Anderson Hutchinson was born in Greenbrier County, Virginia in 1798. After receiving his common school education, he studied law in the office of his father, clerk of the Greenbrier County court. He then relocated to Knoxville, Tennessee, where he was admitted to the bar. He practiced law for a number of years in Knoxville, in Huntsville, Alabama, and in Raymond, Mississippi before moving to Texas with his wife in 1840.

Hutchinson set up a successful law practice in Austin and was appointed judge of the Fourth (Western) District in 1841. This appointment automatically made him a member of the supreme court.

The spring of Hutchinson's appointment to the court, trouble broke out in Austin when Alphonse Dubois de Saligny, French chargé d'affaires, got into a dispute with local hotel keeper Richard Bullock over Bullock's pigs, which roamed freely. Saligny resided in a building at the compound on Sixth and Congress owned by Bullock while he awaited completion of his home, now known as the French Legation. Saligny complained that the pigs broke into the stable where his horses were quartered, eating corn intended for the horses. He also accused the pigs of breaking into his residence, destroying linens and papers. When several of the pigs were killed, Bullock accused Saligny's servant of performing the act, beat the servant, and threatened to beat Saligny as well. The episode, known as the Pig War, became an international incident when Saligny invoked diplomatic immunity for himself and his servant and demanded that the Texas government punish Bullock. But Texas officials refused to impose punishment without due process. A trial was held with Hutchinson as presiding judge, but politics intervened and Bullock went unpunished. Saligny, acting on his own without his country's approval, broke relations with Texas and relocated to Louisiana. Throughout the following year he made various threats on behalf of France but eventually returned to Texas in 1842.

In September 1842 Hutchinson was holding court in San Antonio when Mexican forces stormed the town. He was among fifty Texans captured by the Mexican army and forced to march to Perote Castle in the state of Veracruz, Mexico. They arrived in December and were held prisoner in dungeons at Perote until March of the following year, when the U.S. minister to Mexico negotiated their release.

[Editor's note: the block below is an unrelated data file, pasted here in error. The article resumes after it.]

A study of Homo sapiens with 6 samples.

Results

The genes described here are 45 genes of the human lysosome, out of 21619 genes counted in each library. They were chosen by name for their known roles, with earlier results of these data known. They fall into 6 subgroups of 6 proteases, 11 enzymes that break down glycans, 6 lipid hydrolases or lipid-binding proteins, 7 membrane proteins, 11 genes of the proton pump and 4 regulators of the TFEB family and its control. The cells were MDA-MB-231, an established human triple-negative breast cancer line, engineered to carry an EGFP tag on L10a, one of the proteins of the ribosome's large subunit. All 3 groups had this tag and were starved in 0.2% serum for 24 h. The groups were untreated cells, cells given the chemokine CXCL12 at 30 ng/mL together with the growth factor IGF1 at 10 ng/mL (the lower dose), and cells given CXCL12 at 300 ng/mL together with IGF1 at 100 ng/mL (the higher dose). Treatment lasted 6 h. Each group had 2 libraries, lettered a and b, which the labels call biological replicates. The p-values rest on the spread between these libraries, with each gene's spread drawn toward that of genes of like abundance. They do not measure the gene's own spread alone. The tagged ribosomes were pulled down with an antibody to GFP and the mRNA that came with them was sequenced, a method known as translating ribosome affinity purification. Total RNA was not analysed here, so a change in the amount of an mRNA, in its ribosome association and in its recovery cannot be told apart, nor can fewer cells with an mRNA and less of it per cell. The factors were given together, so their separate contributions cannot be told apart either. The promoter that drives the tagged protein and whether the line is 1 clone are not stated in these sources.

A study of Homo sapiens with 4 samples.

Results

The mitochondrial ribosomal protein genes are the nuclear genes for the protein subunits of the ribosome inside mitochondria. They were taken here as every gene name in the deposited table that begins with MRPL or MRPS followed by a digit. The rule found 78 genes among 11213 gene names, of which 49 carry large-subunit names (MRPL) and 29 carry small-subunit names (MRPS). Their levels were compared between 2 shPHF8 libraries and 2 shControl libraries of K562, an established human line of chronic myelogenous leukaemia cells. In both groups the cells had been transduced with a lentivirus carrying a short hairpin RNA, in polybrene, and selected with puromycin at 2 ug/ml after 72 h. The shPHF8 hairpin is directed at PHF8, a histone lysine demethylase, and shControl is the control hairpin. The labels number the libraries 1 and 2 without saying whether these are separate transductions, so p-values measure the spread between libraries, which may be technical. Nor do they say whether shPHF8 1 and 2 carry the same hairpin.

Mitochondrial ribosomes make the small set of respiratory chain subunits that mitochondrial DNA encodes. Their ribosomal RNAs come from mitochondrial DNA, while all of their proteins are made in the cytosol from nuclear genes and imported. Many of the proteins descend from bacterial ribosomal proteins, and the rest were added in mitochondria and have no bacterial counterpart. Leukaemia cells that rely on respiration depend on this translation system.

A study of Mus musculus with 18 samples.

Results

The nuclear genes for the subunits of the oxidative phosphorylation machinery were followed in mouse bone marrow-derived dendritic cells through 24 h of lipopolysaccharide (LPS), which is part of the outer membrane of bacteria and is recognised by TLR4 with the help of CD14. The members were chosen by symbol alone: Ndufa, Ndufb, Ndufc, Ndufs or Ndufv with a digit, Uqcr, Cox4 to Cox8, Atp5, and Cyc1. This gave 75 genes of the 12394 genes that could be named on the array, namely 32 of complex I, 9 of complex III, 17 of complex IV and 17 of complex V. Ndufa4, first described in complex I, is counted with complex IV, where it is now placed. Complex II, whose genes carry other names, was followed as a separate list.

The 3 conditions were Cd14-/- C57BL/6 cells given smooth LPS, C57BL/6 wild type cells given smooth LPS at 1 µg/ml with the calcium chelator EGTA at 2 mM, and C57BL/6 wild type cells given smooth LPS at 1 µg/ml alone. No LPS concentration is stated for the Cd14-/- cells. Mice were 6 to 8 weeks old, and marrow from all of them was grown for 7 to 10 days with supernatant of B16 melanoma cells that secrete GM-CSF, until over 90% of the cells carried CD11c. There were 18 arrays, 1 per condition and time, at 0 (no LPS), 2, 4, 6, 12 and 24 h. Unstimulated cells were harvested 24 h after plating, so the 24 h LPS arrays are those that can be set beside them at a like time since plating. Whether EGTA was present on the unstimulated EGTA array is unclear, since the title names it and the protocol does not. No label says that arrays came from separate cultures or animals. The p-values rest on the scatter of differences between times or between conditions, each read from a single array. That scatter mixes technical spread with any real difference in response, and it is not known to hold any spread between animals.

When he was freed, Hutchinson returned to Raymond, Mississippi and tendered his resignation from the Texas bench. He resumed private law practice in Mississippi. Hutchinson, known for his scholarly writing both as a lawyer and on the bench, died in Mississippi in 1853.

Notable opinions

Bailey v Haddy, Dallam 376 (1841) (affirming judgment for plaintiff in trespass action, while simultaneously delineating the powers of the Texas Supreme Court as one of appellate jurisdiction and thus upholding facts certified by lower courts as well as sustaining general verdicts with no points of error assigned by losing party).


Barker, Nancy N. The Pig War, Handbook of Texas Online (last updated June 6, 2001).

Huson, Hobart. Hutchinson, Anderson, Handbook of Texas Online (last updated June 6, 2001).

Lynch, James Daniel. The Bench and Bar of Texas 74-75 (St. Louis, Missouri: Nixon-Jones Printing Co., 1885).

Extended bibliography

Foote, Henry Stuart. The Bench and Bar of the South and Southwest 84 (St. Louis, Missouri: Soule, Thomas & Wentworth, 1876).

Fulmore, Zachary Taylor. The History and Geography of Texas as Told in County Names 200 (Austin, Texas: Steck, 1915).

Huson, Hobart. District Judges of Refugio County 55 (Refugio, Texas: Timely Remarks, 1941).

Lynch, James Daniel. The Bench and Bar of Texas 74 (St. Louis, Missouri: Nixon-Jones Printing Co., 1885).

Weyland, Leonie and Houston Wade. An Early History of Fayette County (La Grange, Texas: La Grange Journal, 1936).

Additional information available in Southwestern Historical Quarterly as follow:
Volume 13, page 292, 294, 323
Volume 14, page 302
Volume 38, page 247
Volume 67, page 123
Volume 68, page 366

Anderson Hutchinson Diary. Archives Division, Texas State Library (Austin, Texas).